The man accused of killing at least 50 people on Friday in Christchurch, New Zealand revealed his attack was more coordinated than it initially seemed.
The 28-year-old suspect whose name is intentionally being left off of this report crafted the assault down to minute details to maximize its impact. This included—by his account—specifically choosing to use two shotguns and two AR-15 weapons to provoke a race war in the United States, the Washington Examiner reports.
“There were five guns used by the primary perpetrator,” New Zealand Prime Minister Jacinda Ardern said during a press conference on the terror attack. “There were two semi-automatic weapons and two shotguns. A lever-action firearm was also found.”
The assailant wrote a 74-page manifesto where he credited the rhetoric of President Trump and utilized a live streaming service on Facebook, the world’s largest social media application, to have the attack quickly circulated across the internet.
From the Washington Examiner:
In a 74-page manifesto posted to social media, the author said he could have chosen any means to carry out his attack, but chose firearms to gain media coverage and deepen existing divisions in the U.S. and therefore across the world.
The shooter livestreamed his attack on social media, and he appeared to have two car bombs in the back of his vehicle. But he allegedly made a deliberate choice to use guns to murder as many Muslims as he could during Friday prayers, explaining his rationale in two different sections of his manifesto.
The manifesto seems deliberately written to shock and outrage and is rife with cultural references to the online sites and communities the author reportedly spent time engaging with, so much so it can be difficult to tell which parts are sincere.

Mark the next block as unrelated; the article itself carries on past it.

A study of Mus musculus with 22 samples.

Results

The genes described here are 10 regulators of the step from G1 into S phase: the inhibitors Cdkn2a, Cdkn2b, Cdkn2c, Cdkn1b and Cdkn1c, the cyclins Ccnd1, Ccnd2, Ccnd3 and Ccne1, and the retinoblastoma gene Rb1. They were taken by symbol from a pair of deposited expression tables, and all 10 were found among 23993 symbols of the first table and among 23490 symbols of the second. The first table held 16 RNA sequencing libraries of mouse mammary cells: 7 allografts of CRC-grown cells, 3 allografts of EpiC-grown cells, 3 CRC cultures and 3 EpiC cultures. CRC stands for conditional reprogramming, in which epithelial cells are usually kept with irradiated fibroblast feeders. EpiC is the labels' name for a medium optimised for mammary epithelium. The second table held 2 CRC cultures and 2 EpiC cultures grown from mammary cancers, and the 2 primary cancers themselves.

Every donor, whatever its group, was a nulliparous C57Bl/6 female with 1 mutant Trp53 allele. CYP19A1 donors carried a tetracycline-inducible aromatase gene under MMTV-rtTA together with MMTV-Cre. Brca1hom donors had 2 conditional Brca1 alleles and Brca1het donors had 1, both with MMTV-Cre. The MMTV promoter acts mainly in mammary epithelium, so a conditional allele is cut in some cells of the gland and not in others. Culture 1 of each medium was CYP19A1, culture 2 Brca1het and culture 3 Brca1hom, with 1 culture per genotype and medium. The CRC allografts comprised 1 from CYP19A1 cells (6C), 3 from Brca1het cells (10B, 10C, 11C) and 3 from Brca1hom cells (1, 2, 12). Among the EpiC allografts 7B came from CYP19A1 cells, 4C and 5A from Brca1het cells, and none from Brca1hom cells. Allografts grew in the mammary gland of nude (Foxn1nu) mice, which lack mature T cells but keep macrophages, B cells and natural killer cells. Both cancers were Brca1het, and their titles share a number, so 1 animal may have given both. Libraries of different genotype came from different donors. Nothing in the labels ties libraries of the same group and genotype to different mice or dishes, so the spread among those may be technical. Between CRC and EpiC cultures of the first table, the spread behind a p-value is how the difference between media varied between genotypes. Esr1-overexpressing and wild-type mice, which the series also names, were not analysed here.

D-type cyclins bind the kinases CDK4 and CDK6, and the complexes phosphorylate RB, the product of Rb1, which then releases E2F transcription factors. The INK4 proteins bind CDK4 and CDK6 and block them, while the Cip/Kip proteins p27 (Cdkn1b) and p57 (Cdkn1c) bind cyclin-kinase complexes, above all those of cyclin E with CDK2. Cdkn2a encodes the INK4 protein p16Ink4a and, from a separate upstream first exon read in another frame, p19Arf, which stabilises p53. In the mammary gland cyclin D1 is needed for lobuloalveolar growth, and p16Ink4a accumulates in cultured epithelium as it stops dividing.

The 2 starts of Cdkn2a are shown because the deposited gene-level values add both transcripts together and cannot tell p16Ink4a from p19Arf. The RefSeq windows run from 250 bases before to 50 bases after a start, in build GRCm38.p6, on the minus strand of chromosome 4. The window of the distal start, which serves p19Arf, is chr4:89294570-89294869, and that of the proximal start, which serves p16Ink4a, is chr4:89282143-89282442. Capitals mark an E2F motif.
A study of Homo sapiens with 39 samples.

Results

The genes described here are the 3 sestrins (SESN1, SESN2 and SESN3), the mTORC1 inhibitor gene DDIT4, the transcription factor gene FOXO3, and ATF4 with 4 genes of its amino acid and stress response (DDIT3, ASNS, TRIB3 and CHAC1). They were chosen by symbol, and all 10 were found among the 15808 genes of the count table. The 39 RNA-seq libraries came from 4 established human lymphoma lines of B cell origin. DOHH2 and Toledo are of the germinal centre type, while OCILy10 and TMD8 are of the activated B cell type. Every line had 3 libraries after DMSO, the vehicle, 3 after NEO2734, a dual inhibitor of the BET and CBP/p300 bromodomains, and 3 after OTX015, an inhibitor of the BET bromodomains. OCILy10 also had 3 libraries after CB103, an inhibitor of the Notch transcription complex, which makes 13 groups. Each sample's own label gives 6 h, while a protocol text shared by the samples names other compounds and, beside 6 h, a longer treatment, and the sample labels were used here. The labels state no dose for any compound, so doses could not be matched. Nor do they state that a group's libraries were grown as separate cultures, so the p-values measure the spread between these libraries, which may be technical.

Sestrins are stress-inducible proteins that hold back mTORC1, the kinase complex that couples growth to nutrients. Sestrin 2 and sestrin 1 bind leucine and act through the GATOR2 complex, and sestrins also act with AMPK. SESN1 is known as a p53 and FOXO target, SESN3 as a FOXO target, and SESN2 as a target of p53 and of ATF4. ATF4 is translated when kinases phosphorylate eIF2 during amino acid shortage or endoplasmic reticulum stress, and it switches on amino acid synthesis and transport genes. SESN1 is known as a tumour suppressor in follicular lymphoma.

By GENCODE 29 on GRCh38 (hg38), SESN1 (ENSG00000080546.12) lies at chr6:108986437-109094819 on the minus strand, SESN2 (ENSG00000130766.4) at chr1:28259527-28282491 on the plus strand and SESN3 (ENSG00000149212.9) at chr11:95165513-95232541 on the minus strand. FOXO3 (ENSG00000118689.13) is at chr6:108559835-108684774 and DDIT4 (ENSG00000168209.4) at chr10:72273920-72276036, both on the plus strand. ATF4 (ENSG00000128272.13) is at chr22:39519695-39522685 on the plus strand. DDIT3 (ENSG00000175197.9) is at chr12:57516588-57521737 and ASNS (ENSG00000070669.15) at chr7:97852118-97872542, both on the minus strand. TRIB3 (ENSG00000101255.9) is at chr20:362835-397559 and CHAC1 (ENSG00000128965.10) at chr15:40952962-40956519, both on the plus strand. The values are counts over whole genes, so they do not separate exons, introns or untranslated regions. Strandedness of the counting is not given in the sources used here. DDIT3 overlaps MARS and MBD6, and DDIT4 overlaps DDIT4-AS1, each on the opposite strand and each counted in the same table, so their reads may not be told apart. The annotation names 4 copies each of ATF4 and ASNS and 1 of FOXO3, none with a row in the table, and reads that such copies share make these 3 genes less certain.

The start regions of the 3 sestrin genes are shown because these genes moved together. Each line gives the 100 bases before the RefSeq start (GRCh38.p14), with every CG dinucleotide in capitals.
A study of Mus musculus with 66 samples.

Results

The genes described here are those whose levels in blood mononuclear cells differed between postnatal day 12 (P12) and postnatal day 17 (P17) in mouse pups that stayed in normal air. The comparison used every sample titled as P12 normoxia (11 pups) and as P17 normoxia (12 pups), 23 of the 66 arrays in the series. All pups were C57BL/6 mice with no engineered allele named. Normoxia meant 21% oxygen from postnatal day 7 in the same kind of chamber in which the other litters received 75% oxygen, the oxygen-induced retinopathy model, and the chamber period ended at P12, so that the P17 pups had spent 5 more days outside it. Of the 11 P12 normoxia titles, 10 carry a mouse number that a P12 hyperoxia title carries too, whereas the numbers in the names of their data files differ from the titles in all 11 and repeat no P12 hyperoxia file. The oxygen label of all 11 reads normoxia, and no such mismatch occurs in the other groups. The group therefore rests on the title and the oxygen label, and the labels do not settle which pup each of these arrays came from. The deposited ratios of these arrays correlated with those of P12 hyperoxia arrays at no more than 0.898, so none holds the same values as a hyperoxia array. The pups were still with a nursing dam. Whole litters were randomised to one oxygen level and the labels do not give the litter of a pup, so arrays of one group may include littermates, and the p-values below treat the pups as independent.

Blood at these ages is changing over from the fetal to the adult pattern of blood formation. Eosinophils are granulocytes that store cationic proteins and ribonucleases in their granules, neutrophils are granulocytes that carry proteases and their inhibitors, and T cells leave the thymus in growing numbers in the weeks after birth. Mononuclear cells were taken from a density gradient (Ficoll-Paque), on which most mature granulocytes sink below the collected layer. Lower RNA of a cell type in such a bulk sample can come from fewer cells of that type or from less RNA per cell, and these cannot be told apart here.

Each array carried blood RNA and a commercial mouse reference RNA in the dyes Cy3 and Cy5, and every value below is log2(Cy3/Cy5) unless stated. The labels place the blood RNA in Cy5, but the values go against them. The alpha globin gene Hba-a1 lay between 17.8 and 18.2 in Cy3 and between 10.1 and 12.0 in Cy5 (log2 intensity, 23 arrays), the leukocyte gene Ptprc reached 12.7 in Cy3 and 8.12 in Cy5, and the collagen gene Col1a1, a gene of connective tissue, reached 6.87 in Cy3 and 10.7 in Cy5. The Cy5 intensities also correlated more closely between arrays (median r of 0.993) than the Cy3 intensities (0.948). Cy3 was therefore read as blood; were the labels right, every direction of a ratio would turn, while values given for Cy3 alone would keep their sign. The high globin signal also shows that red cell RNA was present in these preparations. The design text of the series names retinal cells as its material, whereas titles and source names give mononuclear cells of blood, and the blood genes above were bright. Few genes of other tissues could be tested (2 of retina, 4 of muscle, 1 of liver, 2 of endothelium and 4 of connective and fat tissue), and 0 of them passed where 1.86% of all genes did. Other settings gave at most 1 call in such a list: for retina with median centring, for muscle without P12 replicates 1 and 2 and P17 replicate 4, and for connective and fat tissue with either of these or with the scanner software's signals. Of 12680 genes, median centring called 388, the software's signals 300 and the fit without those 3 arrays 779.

In it, the author claimed he wanted his use of guns to create conflict in the U.S. over gun control and the Second Amendment, deepening geographic, political, cultural, and racial fault lines that would lead to a civil war, setting up a worldwide conflict over race and reduce U.S. influence globally while ensuring the future of whites in North America.
Journalist Jon Stokes said he believes the specific model of the gun was chosen to bolster the gun control debate.
“In NZ, you can get legally many flavors of AR-15, but you need a special license for what our some here would call ‘assault weapons,’ i.e. semi-autos with military-style features,” Stokes said. He concluded, “the gun in this shot is designed to work around those bans.”
“The killer wasn’t known to authorities, so probably he could’ve gotten an AR that isn’t dorked up w/ work-arounds. I don’t think he wanted one, though,” Stokes continued. “The point of using using a ‘not-an-assault-weapon’ rifle in this rampage is to show that these gun laws are dumb, cosmetic, & do nothing to keep anyone safe. The AR-15 is a modular, open-source weapons platform, & you can’t ban it without banning all semi-auto guns.”
And: “The form of the gun here — fixed stock, technically not-a-pistol-grip — sends a message: ‘I complied with your feature ban, & it didn’t stop me from doing this. Bring on the civil-war-starting mega-ban.’”
During the live stream, the assailant also name-dropped the world’s largest YouTuber, PewDiePie.
PewDiePie, whose real name is Felix Kjellberg, is the highest-paid YouTuber in the world and is known for uploading comedic content and often playing video games.
The star said he was “absolutely sickened” by the assailant using his name ahead of the attack and disavowed any perceived correlation.
“Just heard news of the devastating reports from New Zealand Christchurch. I feel absolutely sickened having my name uttered by this person,” PewDiePie tweeted. “My heart and thoughts go out to the victims, families and everyone affected by this tragedy.”